I was reflecting back on the election yesterday and I was thinking about Obama's campaign strategy. He motivated voters to vote for him by raising swaths of voters' expectations of what a politician can and should be. I think it's safe to say he was successful to messianic proportions.
Similarly, the Segway was hyped, with few details, to be supposedly the greatest thing since sliced bread. But as you can probably remember, when finally revealed it was overwhelmingly underwhelming.
Since he's been elected, if he wants to have a successful presidency, ironically, he now has to lower general expectations as much as possible. That actually shouldn't be too hard for him since he didn't needlessly tie his hands by defining 'change', or what we're 'hoping' for, or elaborating on what it is 'yes, we can' do. However, to do so would be to jettison nearly everything from his campaign that got him elected.
Don't get me wrong--I want all of our presidents to be good ones and successful since we're all on the same team. But the new president, like any president, is constrained in what he can do by a bunch of things out of his control: everything from the economy, to ensuring government stability domestically and internationally, to all the back room political promises he likely had to make.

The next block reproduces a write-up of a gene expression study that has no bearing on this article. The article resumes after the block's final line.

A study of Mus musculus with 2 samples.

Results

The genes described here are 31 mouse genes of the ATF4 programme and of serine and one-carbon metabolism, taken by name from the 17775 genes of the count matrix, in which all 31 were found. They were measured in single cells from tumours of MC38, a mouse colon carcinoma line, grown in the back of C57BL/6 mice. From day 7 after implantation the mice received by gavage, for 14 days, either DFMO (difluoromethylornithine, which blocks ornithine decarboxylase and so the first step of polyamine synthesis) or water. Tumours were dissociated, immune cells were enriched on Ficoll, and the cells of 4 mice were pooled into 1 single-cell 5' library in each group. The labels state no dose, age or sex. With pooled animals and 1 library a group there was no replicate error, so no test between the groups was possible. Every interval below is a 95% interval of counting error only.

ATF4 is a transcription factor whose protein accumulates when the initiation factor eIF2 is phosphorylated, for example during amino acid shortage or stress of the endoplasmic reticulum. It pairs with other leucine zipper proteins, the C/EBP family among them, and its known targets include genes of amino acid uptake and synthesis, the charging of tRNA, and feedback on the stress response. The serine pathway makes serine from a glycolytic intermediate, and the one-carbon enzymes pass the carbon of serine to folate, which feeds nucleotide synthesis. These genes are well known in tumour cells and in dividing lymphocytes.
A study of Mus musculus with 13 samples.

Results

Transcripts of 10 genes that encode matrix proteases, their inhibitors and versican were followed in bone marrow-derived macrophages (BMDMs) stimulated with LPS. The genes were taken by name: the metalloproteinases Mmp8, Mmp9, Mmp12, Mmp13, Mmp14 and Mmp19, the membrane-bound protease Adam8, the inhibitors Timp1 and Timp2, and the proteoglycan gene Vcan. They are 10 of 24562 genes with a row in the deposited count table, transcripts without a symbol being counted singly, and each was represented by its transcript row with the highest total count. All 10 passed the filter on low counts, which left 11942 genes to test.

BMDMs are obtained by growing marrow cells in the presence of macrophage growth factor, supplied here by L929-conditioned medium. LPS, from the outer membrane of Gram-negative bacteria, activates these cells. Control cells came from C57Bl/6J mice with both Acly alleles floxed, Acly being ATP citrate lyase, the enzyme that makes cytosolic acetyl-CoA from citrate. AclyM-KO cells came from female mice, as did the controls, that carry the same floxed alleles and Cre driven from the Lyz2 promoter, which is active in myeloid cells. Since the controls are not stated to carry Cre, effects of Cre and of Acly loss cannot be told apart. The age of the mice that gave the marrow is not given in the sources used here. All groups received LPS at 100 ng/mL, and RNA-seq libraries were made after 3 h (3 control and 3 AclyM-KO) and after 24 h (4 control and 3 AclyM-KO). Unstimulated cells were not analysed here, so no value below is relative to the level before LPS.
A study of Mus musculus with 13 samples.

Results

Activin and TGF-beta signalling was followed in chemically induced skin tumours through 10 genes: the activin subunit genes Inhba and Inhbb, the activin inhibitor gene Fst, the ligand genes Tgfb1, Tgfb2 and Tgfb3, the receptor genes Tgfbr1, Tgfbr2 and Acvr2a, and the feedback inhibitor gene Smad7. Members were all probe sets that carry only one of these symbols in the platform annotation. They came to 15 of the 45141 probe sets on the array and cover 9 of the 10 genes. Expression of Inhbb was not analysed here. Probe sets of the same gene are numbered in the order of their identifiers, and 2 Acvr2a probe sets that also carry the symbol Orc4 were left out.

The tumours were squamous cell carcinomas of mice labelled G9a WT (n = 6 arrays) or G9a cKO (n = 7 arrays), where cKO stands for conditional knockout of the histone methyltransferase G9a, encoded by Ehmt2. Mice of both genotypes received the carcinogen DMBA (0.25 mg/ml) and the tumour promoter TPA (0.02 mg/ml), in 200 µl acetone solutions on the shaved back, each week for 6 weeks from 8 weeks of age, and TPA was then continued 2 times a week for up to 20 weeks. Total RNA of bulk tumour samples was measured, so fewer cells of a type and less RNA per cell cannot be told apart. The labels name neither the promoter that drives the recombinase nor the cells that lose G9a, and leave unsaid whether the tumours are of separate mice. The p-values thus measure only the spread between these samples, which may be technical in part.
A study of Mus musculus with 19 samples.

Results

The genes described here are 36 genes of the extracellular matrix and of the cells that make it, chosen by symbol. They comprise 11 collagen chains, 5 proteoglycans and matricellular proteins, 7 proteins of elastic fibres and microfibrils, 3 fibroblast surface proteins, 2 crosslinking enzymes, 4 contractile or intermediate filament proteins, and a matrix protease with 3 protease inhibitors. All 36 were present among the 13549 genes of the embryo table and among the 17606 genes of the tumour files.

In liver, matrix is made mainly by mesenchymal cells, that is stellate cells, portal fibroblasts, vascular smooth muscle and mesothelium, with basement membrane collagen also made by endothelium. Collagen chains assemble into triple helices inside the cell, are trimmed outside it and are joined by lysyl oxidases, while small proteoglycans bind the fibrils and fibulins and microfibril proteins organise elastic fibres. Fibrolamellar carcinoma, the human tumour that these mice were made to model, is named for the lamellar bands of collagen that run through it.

There's not a lot he can do to make new programs since there's not a of free money floating around in this economy that still has a lot of downward potential. Furthermore if he tries to tax the rich or businesses, they'll just pick up and leave. He can't borrow or print more money, we're already saturated in those departments. Also, with a smaller turnout than 2004 and 65.4 million votes, not even a quarter of the country has explicitly approved.
While I am skittish that he has an allied Congress and that of the few things he decides to put effort into changing, he picks something too drastic or irreversible to alter when it doesn't work, in the end I'm feeling cautiously optimistic about these next few years, since I doubt much of what will change will be outside the normal amount that comes with changing presidents and parties. (And as far as people go, I'm looking forward to having an educated, city person in the White House, if you know what I mean. I was in kindergarten when Clinton took office so it's been a while.)
It will be interesting to see where we are in four years and how the Obamamaniacs deal with what will be largely remaining the same, either blocking out reality and his failings or becoming disillusioned.